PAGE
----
Sunday School Lessons

Fearless Trust in God

Stepping over from Psalm 23 to Psalm 27, the New American Standard Bible labels Psalm 27 as “A Psalm of Fearless Trust in God”.  Now, that’s not the “official” superscription, which is just “Of David” in the NIV (and similarly in the NASB), but it summarizes what the translators of the NASB thought this psalm was about.

I like that idea of being fearless.  I use that term at work to describe software developers who aren’t afraid to take on difficult tasks, or to do something that we call “refactoring”, where major pieces of a program are changed in a way that can break hundreds of individual lines of code before everything gets patched back up.

Along the same lines, a colleague (now retired) of mine had a saying about giving challenging work to interns or co-ops (i.e., college students who were expected to just work for our company only during a summer or a semester).  He said, “Don’t tell them it’s hard”, because sometimes they will surprise you.

Having said that, there are things that I’m afraid of doing.  I don’t like giving correction or negative feedback to someone that I care about, for instance.  I worry about saying things about my faith to those who might not take it well.  Once in a while, I get nervous about teaching or presenting to certain people.

The body of Psalm 27 starts with the following:

The LORD is my light and my salvation—
whom shall I fear?
The LORD is the stronghold of my life—
of whom shall I be afraid?
Psalms 27:1 NIV

When my kids were little and were afraid of something (like bugs, let’s say), my wife and I would ask them things like, “You’re a million times bigger than that bug.  What do you think that it could possibly do to you?”  Now, I understand that childhood fears aren’t always rational (and we each probably feared things as a kid that we didn’t need to), but when we step back and think about it, sometimes there’s no rational reason for fearing something that objectively cannot harm us.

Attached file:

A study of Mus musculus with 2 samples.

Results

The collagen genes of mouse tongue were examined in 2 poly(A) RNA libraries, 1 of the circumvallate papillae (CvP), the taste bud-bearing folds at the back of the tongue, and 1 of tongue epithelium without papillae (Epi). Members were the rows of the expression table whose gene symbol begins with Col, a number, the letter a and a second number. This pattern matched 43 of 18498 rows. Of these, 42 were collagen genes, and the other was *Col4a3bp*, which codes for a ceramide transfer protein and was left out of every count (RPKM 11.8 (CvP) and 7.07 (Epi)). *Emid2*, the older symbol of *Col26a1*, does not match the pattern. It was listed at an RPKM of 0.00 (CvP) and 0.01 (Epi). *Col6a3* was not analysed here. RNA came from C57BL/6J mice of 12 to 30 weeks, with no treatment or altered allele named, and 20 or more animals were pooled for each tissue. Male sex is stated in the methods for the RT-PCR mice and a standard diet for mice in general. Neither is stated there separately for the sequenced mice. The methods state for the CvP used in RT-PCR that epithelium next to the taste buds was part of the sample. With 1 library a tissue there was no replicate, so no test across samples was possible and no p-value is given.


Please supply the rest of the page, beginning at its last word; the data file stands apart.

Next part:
Here, the literal God and Creator of the universe is on David’s side.  More than that, David knows this!  What in the world (or even outside of this world) could even touch him?

And, the same could be said of us.  Think about what you fear or worry about today.  (Yes, I know that we shouldn’t worry, per Matthew 6:25-34, but I’m certainly not free of that vice yet.)  Now, consider God’s power and love for you.  If you put God up against the object of your fear, who’s going to win?

Kids (and some adults) debate things like whether Batman or Superman would win in a fight, or maybe whether Luke Skywalker would be able to defeat a Klingon, but those are just fictional characters.  In the real world, even if He gives those who have made themselves his enemies some time to repent, God wins in the end: Every. Single. Time.

So, I think that a bit of perspective is appropriate when we are afraid of something.  The next time that happens, try to set aside your fear for just a moment to look at it from a universal perspective.  God is more powerful than whatever you fear, and He loves you.  In fact, He loves you enough to remain with you and guide you even if you must go through the darkest valley (experiencing whatever it is that you fear).  Remembering that truth is a powerful defense against evil voices that cause us to doubt, hesitate, or avoid what we should be doing instead.

In David’s world, he didn’t need to worry about modern challenges like driving his minivan through a snowstorm, or losing his smartphone.  He didn’t have to fear getting “canceled” or getting doxxed on social media.  However, he did have his own challenges, which could have easily consumed him.  Let’s take a look at the next couple of verses from this psalm in the next article (or – better yet -just read Psalm 27 on your own, today).

From Sunday School lesson prepared for November 20, 2022


  • The Lookout, November 20, 2022, © 2022 Christian Standard Media.
  • Scripture taken from the Holy Bible, NEW INTERNATIONAL VERSION®, NIV® Copyright © 1973, 1978, 1984, 2011 by Biblica, Inc.® Used by permission. All rights reserved worldwide.
  • Scripture quotations taken from the NASB. Copyright by The Lockman Foundation.
  • The College Press NIV Commentary, Psalms, Volume 1, S. Edward Tesh and Walter D. Zorn, © 1999, College Press Publishing Co., Joplin, MO.